Some reflections on the dilemma in South China Sea

opinion July 23, 2012 00:00

By Apichai Sunchindah
Special to




 

ASEAN was established back in 1967 during the height of the Cold War engulfing Southeast Asia where countries in the region were aligned with different superpowers. Coincidentally, that was the year when the movie “The Graduate” was released and became a great hit at that time. It was a story of a young man who just graduated from university and was entangled in a triangular love-hate relationship and being pulled and tossed around like in a power play game.  The movie also produced some well-known theme songs that endured over time and interestingly, one of them is “Scarborough Fair” which is a traditional British ballad relating the story of a young man who asks the listener to tell his former lover to perform for him a series of impossible tasks and his lover doing likewise to him in return. 
The South China Sea dilemma could be viewed in such a light. In fact, some ten years ago, ASEAN and China had agreed to a Declaration on the Conduct of Parties in the South China Sea which spelled out the measures to be taken to address such disputed territorial claims, with the aim of leading eventually to the adoption of a more legally binding code of conduct. Unfortunately, in the recent incidents and latest events pertaining to this issue, the concerned parties had not strictly adhered to the letter or the spirit of the Declaration. The agreed modus operandi for addressing any differences and disputes was to undertake friendly dialogue and consultations through peaceful and constructive means thereby generating mutual understanding, building trust, promoting good neighborliness and engendering fruitful cooperation.  
Indonesia, by virtue it of being a key member country in ASEAN and a non-claimant state to the disputed area in question, had already launched a diplomatic offensive to contain the fallout from the recent impasse. In fact, Indonesia did a similar act some two decades ago when the South China Sea problem was heating up among the claimant states back then, and played an honest broker role of bringing the disputing parties to the discussion table through what is known as a Track 2 Chatham House rules approach. With assistance from the Canadian International Development Agency (CIDA) at that time, a series of informal South China Sea workshops were convened to address the various shared concerns, starting from the least contentious ones first. These incremental steps that were taken eventually culminated in the signing of the earlier stated Declaration a decade ago. Perhaps some similar type of initiative would be needed now to quickly defuse the tensions and then try to restore the trust and confidence that has been badly damaged.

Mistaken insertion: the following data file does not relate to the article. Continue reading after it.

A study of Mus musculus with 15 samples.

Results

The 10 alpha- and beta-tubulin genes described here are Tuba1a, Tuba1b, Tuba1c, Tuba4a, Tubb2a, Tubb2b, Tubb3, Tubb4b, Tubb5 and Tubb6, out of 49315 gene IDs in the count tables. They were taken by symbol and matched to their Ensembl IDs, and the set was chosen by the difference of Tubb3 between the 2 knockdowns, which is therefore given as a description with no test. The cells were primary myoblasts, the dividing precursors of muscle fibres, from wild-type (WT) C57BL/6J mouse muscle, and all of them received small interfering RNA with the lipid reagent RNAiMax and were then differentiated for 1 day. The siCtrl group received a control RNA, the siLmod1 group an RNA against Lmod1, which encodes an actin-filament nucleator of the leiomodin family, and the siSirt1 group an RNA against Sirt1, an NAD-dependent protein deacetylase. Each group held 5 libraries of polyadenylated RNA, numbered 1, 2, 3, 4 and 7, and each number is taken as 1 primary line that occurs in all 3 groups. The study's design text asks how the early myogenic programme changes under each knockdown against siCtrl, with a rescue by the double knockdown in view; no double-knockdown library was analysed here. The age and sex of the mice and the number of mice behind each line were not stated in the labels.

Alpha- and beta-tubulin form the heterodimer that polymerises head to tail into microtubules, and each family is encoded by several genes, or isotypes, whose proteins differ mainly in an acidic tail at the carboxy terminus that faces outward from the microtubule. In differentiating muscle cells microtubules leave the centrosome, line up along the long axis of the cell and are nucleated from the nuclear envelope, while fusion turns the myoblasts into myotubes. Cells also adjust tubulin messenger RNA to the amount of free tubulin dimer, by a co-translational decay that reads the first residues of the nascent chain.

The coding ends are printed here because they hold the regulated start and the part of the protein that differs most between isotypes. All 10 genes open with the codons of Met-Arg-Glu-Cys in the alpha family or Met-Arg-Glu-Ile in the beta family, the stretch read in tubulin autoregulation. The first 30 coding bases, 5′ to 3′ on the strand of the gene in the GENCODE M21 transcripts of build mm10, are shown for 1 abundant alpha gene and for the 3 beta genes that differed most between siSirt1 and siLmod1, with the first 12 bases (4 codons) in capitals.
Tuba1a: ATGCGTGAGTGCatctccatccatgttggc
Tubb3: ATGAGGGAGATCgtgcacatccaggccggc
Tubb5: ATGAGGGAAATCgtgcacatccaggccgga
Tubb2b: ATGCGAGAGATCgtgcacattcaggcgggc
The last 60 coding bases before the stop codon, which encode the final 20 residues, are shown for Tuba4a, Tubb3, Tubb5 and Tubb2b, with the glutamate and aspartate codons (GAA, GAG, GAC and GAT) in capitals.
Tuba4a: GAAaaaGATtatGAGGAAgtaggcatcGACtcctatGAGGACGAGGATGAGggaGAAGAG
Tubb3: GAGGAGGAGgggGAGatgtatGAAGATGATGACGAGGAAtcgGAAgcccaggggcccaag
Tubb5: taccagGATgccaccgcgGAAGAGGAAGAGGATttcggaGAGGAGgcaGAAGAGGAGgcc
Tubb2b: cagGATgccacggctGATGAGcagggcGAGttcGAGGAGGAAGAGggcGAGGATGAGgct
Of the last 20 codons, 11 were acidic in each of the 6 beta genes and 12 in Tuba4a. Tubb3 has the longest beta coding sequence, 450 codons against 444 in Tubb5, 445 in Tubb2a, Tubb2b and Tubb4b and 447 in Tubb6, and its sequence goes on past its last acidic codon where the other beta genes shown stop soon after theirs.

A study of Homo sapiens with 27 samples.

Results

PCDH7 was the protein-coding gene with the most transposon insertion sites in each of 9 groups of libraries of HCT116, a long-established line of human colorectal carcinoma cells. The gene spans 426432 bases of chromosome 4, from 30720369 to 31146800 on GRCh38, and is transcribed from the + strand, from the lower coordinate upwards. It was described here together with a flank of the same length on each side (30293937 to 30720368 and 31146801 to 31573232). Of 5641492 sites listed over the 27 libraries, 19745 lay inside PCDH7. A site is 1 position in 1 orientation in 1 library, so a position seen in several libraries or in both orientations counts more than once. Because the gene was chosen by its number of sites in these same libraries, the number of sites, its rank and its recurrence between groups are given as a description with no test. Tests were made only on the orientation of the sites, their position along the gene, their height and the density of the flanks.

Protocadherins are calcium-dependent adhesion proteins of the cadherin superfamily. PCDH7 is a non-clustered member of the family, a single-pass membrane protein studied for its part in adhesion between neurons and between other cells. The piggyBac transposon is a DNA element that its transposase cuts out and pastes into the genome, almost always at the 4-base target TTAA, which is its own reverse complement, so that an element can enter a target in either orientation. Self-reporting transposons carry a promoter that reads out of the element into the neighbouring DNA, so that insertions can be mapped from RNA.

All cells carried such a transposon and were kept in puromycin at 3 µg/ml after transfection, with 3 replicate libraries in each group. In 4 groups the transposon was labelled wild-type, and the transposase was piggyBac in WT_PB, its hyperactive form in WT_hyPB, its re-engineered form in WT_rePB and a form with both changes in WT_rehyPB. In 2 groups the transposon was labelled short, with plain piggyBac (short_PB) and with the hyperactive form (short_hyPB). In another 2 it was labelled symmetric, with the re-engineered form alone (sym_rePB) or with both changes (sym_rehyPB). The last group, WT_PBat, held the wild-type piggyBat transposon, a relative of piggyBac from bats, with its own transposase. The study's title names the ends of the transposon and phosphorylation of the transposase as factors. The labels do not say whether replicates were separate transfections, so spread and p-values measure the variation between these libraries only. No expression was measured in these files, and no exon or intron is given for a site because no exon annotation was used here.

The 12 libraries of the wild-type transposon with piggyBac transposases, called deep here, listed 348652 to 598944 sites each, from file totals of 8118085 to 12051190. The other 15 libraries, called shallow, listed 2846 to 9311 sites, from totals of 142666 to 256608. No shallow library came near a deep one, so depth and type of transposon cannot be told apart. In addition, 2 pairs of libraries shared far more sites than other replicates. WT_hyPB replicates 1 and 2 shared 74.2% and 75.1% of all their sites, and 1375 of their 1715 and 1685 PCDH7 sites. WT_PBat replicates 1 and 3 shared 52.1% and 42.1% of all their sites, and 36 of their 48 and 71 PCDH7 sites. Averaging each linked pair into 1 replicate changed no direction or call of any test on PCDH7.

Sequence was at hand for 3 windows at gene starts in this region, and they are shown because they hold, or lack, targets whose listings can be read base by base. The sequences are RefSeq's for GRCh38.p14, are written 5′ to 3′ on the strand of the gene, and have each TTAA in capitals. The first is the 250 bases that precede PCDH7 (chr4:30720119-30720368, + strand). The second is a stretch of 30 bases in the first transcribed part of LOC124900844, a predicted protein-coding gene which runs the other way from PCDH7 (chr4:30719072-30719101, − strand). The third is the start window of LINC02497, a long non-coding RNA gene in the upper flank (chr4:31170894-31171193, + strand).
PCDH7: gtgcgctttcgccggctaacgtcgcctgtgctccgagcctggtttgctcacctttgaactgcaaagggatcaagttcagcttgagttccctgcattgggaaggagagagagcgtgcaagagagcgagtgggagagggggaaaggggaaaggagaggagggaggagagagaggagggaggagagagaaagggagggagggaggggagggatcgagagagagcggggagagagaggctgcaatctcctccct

Nobody is a winner in this latest high stakes power struggle game.  All concerned parties should therefore be brought back to the negotiation table as soon as possible to find ways to resolve the common challenges together in a spirit of equality, mutual respect and cooperation. The Chinese word for crisis consists of two characters – one signaling danger and the other opportunity. It is hoped that a sense of urgency and equanimity would eventually prevail to give peaceful and amicable resolution of this potential conflict situation a reasonable chance of success. What would ultimately be needed is perhaps as Jane Austen, the English writer, would have put it, - conducting affairs with less “Pride and Prejudice” and with more “Sense and Sensibility”.